17th-century life revealed at Avery’s Rest
An archaeological site known as Avery’s Rest that was first discovered in 1976 and made headlines in recent years as one of Delaware’s earliest discovered colonial-period grave sites is expanding the story it has to tell.
The site, located on land to the northwest of Rehoboth Bay near Rehoboth Beach, was full of artifacts when archaeologists first started exploring it decades ago. The site was listed in the National Register of Historic Places in 1978. For many years, it was used as farmland and didn’t face the threat of development. By the 2000s, archaeologists returned to explore the site, upon the request of the Delaware Division of Historical and Cultural Affairs, because the site was threatened by a proposed housing development. Fieldwork continued on different parts of the site for several years. Between 2012 and 2014, 11 unmarked human burials were discovered. After consultation in accordance with state law, in 2014, those burials were excavated and transferred to the Smithsonian Institution, which helped recover and analyze the burials, according to Daniel Griffith with the Archaeological Society of Delaware.
The Archaeological Society of Delaware has revealed in its latest Bulletin that those burials, which had been suspected to belong to the Avery family and at least three Africans also buried there, have also shed light on the larger happenings of 17th century colonial Delaware.
“The Avery’s Rest archaeological site provides a critical perspective on colonial lifeways and the history of the Delaware frontier,” wrote Raquel E. Fleskes with the University of Connecticut and Theodore G. Schurr with the University of Pennsylvania, in their “Initial Ancient DNA Investigations at Avery’s Rest: Update and Prospects” Bulletin article.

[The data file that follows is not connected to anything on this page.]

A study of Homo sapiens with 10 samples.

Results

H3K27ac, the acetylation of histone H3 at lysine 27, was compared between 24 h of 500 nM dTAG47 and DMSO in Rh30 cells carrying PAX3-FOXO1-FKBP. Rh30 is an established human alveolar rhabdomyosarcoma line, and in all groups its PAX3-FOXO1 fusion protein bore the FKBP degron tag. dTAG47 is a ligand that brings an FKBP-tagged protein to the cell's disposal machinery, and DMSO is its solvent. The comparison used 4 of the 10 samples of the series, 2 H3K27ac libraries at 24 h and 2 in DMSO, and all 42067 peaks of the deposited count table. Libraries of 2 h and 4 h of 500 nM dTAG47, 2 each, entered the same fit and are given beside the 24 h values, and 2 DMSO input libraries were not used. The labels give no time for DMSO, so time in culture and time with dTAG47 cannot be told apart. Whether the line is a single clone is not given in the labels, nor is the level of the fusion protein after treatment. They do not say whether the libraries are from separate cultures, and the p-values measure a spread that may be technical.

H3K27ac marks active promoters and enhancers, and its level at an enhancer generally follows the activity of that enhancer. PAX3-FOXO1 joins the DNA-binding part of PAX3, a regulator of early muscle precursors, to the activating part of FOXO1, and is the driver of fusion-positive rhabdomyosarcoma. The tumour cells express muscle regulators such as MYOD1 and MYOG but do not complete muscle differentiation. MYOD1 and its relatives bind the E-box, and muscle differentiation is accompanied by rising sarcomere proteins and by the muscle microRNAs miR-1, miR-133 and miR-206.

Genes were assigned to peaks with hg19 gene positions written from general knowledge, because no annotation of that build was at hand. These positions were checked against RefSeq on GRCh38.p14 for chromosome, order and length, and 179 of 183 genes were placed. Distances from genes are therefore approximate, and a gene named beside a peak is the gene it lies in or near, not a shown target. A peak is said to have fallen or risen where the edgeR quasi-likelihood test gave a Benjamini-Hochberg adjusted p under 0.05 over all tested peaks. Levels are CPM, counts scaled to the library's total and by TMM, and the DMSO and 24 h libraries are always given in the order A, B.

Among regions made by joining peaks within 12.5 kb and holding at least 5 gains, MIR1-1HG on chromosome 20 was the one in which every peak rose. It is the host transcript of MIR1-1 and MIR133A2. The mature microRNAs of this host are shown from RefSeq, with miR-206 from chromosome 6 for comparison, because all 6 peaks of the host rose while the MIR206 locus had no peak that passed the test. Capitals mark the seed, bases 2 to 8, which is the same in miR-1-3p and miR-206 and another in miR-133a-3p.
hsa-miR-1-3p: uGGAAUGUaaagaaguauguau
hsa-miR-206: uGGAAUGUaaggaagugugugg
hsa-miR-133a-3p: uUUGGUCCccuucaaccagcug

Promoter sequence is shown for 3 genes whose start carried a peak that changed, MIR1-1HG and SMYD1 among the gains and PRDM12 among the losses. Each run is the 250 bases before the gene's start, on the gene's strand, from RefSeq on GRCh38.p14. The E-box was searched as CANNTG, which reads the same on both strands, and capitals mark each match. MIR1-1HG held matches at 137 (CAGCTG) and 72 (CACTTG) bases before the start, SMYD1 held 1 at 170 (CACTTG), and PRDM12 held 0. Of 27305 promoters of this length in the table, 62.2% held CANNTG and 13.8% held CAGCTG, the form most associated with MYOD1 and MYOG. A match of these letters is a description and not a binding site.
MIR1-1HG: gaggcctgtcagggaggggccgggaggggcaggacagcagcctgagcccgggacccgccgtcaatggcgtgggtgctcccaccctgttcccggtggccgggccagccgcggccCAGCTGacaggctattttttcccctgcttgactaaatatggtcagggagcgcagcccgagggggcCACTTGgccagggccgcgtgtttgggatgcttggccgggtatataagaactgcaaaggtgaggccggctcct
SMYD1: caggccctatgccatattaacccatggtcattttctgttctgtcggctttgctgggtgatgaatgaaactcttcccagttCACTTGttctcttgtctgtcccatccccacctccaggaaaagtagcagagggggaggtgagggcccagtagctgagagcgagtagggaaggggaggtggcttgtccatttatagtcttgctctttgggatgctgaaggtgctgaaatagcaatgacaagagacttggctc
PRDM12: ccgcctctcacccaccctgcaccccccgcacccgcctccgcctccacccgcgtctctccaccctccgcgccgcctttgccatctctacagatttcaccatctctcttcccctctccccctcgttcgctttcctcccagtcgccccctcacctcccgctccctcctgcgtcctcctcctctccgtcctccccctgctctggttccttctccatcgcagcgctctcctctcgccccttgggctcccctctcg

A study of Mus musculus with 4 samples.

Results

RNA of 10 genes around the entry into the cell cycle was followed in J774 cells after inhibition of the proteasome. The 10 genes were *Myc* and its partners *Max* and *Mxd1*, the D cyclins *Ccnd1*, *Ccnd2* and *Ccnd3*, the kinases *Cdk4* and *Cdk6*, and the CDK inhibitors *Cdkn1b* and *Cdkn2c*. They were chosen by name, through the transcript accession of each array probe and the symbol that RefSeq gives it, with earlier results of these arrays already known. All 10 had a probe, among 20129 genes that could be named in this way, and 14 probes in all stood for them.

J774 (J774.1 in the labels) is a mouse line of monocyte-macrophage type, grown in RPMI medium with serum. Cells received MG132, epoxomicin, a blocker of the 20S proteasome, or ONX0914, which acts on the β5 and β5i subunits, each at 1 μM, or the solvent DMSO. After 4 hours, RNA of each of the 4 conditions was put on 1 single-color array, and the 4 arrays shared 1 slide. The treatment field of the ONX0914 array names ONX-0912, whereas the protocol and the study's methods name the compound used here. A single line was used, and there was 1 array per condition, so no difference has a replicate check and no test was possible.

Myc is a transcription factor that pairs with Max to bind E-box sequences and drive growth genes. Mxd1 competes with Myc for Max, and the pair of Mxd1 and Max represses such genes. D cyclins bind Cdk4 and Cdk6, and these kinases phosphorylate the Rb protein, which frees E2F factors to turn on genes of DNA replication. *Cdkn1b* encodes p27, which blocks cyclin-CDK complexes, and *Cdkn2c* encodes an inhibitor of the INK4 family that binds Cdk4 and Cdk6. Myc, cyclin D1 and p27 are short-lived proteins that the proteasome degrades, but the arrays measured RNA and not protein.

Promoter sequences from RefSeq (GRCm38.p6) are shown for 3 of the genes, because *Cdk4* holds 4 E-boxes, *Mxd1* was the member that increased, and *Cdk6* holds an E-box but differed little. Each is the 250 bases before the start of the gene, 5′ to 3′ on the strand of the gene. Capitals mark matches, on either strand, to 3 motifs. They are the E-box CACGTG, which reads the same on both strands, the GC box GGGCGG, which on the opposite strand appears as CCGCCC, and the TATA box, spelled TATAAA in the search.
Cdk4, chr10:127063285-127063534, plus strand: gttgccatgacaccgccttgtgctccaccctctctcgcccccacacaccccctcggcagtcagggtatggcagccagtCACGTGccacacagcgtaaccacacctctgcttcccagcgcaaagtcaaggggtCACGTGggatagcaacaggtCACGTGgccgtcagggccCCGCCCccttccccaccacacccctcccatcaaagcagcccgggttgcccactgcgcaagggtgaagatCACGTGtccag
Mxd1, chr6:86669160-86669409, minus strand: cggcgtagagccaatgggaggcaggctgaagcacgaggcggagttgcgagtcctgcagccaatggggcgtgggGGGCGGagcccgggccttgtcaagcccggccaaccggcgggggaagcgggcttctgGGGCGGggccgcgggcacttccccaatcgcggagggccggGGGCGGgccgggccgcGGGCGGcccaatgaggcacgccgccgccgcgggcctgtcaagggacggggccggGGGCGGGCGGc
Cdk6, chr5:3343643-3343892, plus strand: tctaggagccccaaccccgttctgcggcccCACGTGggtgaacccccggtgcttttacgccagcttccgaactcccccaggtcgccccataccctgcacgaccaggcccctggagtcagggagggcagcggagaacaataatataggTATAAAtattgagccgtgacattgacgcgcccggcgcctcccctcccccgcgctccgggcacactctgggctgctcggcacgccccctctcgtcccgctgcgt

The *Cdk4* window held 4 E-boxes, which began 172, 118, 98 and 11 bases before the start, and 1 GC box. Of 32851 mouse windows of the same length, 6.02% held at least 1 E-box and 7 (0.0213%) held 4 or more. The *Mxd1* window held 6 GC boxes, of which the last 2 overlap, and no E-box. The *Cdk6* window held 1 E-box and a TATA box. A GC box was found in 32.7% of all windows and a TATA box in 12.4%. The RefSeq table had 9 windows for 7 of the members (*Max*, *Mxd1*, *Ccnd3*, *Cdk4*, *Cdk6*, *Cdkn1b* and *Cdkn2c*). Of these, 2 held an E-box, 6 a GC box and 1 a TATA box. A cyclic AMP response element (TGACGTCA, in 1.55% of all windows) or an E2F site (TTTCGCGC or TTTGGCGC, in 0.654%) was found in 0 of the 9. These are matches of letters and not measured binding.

“To date, these individuals represent the earliest colonial individuals to be recovered in Delaware,” they wrote. “The presence of individuals of African ancestry is especially remarkable, given that the population of African individuals in Delaware was thought to be less than 500 individuals by 1700.”
Evidence from the Avery’s Rest site combined with other discoveries have allowed these experts to reconstruct what it was like, in part at least, to live in colonial Delaware as the area was transitioning from a frontier and undergoing tensions for sovereignty. At the time, there were ongoing disputes as to whether the area was part of Maryland or Pennsylvania. Delaware as we know it today did not yet exist.
Of the 11 individuals found, seven adults and an infant were of European descent and two adults and a child were of African descent. They were found in separate burial areas, about 15-20 feet apart.
“As a whole, our research demonstrates how [ancient DNA] can be used to deepen site interpretation by helping to identify the ancestry and relatedness of burials at colonial periods sites in North America,” the researchers wrote.
Avery’s Rest is a notable site because it was an early British colonial plantation from the 17th century, making it one of the earliest discoveries in Delaware. Archaeological discoveries at the site have also indicated Native American occupation of the site, and “an undocumented Dutch presence,” prior to the arrival of the English in the area. Other studies also have delved into a specific well on the property, possibly the earliest well ever excavated in Delaware.
Meanwhile, analysis of flora and fauna archaeological remains at the site indicate the presence of chickens, cows, pigs and fish, as well as a variety of plants and pollen — including carbonized maize and wheat. These findings shed light on how the occupants of the site used plants and animals, as well as what types. The studies done here have advanced researchers’ knowledge of human-plant relationships on the Delaware coast, the journal states.
“The legacy of Avery’s Rest and the history of Delaware counties is one of competing territorial claims that uniquely shaped its landscape,” the researchers found. “Avery’s Rest represents just one location and one family in Delaware’s history, but one that witnessed important transitions throughout the seventeenth century. In this way, the Avery’s Rest story is emblematic of the larger history of Delaware.”
To learn more about the Archaeological Society of Delaware, go to www.delawarearchaeology.org. To obtain the latest copy of the Society’s Bulletin, join the Society as a member, purchase a copy from the Society or call the Division to schedule a time to review a copy in person.
For more information on the archaeological findings at Avery’s Rest, check out the Division’s 2020 podcast “Avery’s Rest: An Introduction” and video “Avery’s Rest – A Look Into the DNA Investigations.”